Collage of four photos: X-Ray, Internal imaging, Stick next to a dog, and Stick next to measuring tape

Tank is a 3.7 kg, 12-week-old Australian Shepherd that presented for vomiting, continually swallowing, and seeming uncomfortable. The owner reported that he ate an 8-inch stick whole (not much shorter than he was) just prior to presentation to his primary care veterinarian. A sedated oral exam was normal, and he was referred for additional diagnostics.

The exam was normal except for repeated swallowing attempts and being tender upon palpation of his neck. CBC and chemistry exam was normal. Lateral and cervical radiographs were obtained (see below) and seemed normal aside from some air in the esophagus but certainly no obvious 8-inch stick to me.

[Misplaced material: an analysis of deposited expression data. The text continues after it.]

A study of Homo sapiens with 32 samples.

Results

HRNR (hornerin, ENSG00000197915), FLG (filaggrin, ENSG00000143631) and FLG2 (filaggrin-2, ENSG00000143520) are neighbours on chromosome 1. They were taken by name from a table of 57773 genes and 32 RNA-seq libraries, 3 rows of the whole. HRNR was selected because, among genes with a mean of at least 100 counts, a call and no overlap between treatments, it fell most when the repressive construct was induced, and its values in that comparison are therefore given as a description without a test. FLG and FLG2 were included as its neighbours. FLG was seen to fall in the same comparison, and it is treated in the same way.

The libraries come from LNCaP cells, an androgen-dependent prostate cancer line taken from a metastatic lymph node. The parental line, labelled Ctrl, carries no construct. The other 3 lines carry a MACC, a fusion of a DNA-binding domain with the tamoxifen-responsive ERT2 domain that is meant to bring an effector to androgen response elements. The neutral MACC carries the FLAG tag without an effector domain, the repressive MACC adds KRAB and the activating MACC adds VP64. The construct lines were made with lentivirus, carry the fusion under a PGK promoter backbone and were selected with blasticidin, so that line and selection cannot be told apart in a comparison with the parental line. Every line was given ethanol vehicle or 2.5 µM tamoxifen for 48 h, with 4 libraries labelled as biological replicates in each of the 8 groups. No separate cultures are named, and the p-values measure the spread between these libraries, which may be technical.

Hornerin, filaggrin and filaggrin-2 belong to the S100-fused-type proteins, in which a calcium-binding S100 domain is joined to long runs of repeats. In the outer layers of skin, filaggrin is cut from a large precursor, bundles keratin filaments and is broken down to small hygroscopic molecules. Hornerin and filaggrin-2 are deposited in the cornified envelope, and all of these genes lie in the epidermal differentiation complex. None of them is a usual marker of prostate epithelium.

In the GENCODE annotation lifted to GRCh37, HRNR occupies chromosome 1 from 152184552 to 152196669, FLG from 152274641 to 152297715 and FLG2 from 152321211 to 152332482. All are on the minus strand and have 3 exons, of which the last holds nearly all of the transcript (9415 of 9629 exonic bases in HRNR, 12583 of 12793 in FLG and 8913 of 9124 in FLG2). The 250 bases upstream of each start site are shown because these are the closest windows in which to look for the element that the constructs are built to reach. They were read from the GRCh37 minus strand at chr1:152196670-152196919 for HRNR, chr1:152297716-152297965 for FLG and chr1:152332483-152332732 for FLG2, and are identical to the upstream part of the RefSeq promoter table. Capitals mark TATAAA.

So, I was faced with non-specific exam findings and an owner who was certain Tank ate a large stick whole. Having learned to never say never we opted to move forward with endoscopy given the previous normal oral exam.

Upon passing the scope we saw the following in the esophagus.:

The stick was lodged in the esophagus just distal between the upper esophageal sphincter and the lower esophageal sphincter which was stretched caudally.

The owner was correct in that he had eaten a stick, but she was also incorrect. The stick was 10 inches in length and almost the length of Tank!!

The stick was removed, and Tank recovered without incident. As an aside, I always submit my imaging to a radiologist for an over-read. The report returned with a possible esophageal foreign body (stick) in the caudal esophagus. Those radiologists!! Obviously, this was confirmed upon endoscopy. Lessons learned- listen to your clients. The impossible may be possible.